Inmates earn certificates from Sinclair
Tuesday, February 09, 2016
Posted by: Melinda Dorning
Posted: 6:05 p.m. Monday, Feb. 8, 2016 to daytondailynews.com
When Jamie Belville is released from Dayton Correctional Institute in April, she hopes to use the college credentials she earned while behind bars to help live a “fulfilling life.”
Belville and about 40 other inmates at DCI received postsecondary credentials Monday from Sinclair Community College. The inmates were joined by joyful — and in some instances tearful — family and friends as they walked up and received their diplomas during a ceremony in the prison.
Jamie Belville shakes Sinclair President Steven Johnson’s hand as she receives her certificate during Monday’s ceremony at Dayton Correctional Institute. Photo: Chuck Hamlin
Sinclair’s prison education program has been around for decades; the school says it has helped thousands of Ohio inmates get the appropriate education and skills to find a job and contribute to society.
“There is a huge gap that (Sinclair’s program) fills,” Belville said. “I think education is really important for the women here. I’m a little conflicted; my sister and my family out there are struggling to get their education. But in here, we kind of get that advantage.
“We’re blessed with that. I know many of the women in here are extremely grateful, and I definitely am. I know it’s going to make it easier for me to do the right thing. It benefits the community as a whole for us to be educated.”
Belville got locked up eight years ago on a burglary-related charge.
“I married young at 16 and kind of got in some trouble with my ex-husband. A little bit of a co-dependent abusive relationship: drugs, you know, the stereotypical situation. And I got myself in trouble and came to prison. But going (to prison) saved my life,” the 28-year-old said.
DCI is one of seven correctional institutions across the state where Sinclair provides education to inmates. At any given time, around 700 inmates are taking courses through the community college. To participate in the program, inmates must be within five years of release. In addition, students need nearly perfect class attendance to graduate.
Since 2013, Sinclair has graduated 1,161 inmates. All of its 11 certificate programs are what the school calls “job focused.” These programs include bakery specialist, health record technician and supply chain management.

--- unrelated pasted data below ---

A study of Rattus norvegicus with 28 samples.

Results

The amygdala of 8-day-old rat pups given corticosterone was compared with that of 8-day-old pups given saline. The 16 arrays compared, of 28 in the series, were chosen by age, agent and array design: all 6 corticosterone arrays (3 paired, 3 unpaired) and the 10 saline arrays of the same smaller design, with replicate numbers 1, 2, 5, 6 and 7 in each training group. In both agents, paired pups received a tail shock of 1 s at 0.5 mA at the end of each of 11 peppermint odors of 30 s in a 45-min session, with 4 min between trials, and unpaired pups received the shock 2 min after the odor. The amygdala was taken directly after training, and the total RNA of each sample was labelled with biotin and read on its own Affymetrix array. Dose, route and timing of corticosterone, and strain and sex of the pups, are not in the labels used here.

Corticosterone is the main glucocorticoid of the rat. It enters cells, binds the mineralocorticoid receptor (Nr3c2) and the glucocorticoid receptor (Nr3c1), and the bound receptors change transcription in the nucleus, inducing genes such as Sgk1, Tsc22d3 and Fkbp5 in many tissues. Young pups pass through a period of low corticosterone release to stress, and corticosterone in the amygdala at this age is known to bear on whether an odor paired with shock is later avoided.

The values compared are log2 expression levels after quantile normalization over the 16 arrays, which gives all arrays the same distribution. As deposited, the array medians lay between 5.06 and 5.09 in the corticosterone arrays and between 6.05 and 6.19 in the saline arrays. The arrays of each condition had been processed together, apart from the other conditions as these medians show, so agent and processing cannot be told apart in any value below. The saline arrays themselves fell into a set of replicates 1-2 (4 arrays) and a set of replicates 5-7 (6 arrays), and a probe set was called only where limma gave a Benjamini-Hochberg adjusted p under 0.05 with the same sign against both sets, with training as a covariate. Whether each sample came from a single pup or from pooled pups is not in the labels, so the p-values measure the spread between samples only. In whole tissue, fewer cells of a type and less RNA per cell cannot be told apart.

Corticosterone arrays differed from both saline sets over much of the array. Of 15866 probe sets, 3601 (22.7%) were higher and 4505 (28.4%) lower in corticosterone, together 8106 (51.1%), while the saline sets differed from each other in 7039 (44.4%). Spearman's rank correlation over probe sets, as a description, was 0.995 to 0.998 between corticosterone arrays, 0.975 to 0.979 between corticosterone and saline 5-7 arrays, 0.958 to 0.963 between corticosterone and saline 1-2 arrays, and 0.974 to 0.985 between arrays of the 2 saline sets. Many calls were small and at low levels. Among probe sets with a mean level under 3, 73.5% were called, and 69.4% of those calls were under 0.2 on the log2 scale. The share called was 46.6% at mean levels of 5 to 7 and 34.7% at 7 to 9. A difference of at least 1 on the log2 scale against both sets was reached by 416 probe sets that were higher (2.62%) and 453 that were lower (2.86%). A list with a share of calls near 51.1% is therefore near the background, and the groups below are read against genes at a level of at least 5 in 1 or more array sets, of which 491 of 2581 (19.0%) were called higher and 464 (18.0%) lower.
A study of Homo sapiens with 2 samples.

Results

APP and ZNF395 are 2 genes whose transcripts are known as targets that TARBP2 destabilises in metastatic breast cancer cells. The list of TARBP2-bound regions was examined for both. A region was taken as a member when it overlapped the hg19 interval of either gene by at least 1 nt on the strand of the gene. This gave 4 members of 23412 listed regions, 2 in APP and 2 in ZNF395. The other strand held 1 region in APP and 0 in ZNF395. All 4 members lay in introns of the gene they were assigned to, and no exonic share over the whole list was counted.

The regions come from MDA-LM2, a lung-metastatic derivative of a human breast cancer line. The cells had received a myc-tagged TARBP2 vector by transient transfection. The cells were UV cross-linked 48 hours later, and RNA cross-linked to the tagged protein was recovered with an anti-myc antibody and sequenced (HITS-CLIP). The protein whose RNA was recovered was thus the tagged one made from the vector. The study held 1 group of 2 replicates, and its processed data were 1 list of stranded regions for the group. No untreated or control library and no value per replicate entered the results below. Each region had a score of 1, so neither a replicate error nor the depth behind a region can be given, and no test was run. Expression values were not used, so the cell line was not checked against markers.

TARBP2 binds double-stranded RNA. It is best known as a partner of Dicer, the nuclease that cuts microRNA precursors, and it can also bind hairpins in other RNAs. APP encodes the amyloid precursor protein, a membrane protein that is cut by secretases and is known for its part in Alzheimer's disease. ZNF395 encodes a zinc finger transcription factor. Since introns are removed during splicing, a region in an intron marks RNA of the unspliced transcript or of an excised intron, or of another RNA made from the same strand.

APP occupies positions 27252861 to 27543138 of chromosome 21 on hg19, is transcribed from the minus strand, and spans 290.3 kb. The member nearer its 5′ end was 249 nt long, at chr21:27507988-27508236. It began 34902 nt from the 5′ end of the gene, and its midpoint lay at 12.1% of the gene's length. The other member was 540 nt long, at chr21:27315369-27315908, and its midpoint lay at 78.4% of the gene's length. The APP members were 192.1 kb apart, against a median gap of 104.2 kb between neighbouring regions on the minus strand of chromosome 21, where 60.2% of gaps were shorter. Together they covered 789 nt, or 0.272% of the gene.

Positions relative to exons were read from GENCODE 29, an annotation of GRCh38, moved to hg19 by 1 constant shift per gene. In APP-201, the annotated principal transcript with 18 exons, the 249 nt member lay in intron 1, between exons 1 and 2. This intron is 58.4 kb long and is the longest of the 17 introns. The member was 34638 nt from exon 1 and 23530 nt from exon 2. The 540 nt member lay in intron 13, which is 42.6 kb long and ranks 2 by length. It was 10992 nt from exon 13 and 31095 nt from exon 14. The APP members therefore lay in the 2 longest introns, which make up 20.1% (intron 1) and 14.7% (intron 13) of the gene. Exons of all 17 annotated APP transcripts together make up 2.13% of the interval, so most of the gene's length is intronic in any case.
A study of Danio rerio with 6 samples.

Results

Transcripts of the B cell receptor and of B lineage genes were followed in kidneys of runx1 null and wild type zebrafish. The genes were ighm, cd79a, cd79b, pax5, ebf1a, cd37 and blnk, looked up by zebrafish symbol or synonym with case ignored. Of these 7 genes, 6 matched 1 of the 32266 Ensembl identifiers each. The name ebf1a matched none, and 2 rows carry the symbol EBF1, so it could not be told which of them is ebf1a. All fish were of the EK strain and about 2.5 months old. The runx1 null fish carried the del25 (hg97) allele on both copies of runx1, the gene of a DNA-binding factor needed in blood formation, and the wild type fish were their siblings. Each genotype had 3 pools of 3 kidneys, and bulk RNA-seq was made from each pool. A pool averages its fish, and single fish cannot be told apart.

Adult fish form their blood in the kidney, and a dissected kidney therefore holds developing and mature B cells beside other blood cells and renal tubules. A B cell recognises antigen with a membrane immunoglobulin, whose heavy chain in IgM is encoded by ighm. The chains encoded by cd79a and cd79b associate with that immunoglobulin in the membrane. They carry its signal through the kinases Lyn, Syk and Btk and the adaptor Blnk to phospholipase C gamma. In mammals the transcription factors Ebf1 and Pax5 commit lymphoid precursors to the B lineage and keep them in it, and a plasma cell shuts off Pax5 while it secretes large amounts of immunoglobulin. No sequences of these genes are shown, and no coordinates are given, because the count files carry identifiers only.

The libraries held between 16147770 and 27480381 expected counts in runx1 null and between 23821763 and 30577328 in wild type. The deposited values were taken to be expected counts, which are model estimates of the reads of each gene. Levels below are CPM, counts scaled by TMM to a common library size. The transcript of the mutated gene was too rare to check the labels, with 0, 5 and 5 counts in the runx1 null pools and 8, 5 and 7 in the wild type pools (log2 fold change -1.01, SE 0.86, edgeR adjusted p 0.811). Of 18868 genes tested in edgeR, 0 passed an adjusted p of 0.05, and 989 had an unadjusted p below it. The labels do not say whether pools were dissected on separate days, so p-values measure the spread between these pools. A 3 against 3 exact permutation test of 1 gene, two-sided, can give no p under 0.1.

“This kind of advanced job training program allows these young women to get the kind of training they need to get them the foundation they need to go on and further their education at Sinclair or any other university,” said Sinclair President Steven Johnson.
It costs $1,950 per year for Sinclair to educate an inmate — an expense that is paid by the state. Sinclair officials say the figure is well below the cost it takes to house someone in prison. In 2010, the average cost to incarcerate an inmate in Ohio was estimated at $24,870.
Sinclair also said the odds of recidivism are reduced by 43 percent when inmates participate in “correctional education.”
Sinclair has awarded Belville with six certificates, everything from entrepreneurship and business foundations to call center support. In all, the Reynoldsburg native has earned slightly more than 90 credit hours.
“My goal is to complete as many credit hours as I can, so that I can transfer to a four-year college. I want to go to Wright State University. I’m closest to a bachelor’s degree in business administration, but I’m really interested in computer science,” she said.
“My passion now is learning. I’m so obsessed with it. I’ve been teaching myself different computer languages. There is a hunger inside of you and you want to fill that with something. I can’t imagine my life without the program.”
Several other Ohio community colleges and universities have similar programs, but Sinclair educates the most inmates among these schools.
“It’s always right and correct to provide education to those that can benefit from such an education,” Johnson said. “These young women have proven that they can benefit from an education. It’s good for everyone. It’s good for us. It’s good for employers. It’s good for the community.”
Cheryl Taylor, who coordinates Sinclair’s prison programs, said sometimes members of the community complain about inmates receiving “free” education. That’s a notion she calls short-sighted.
“People have dignity and worth and we should give them a second chance,” Taylor said. “The reality is that 90 percent will be released, they will live next to you, go to school with your kids and see you at Walmart.
“It’s $25,000 to incarcerate. Why not spend a little bit of money to make sure they don’t come back? It makes sense fiscally and morally.”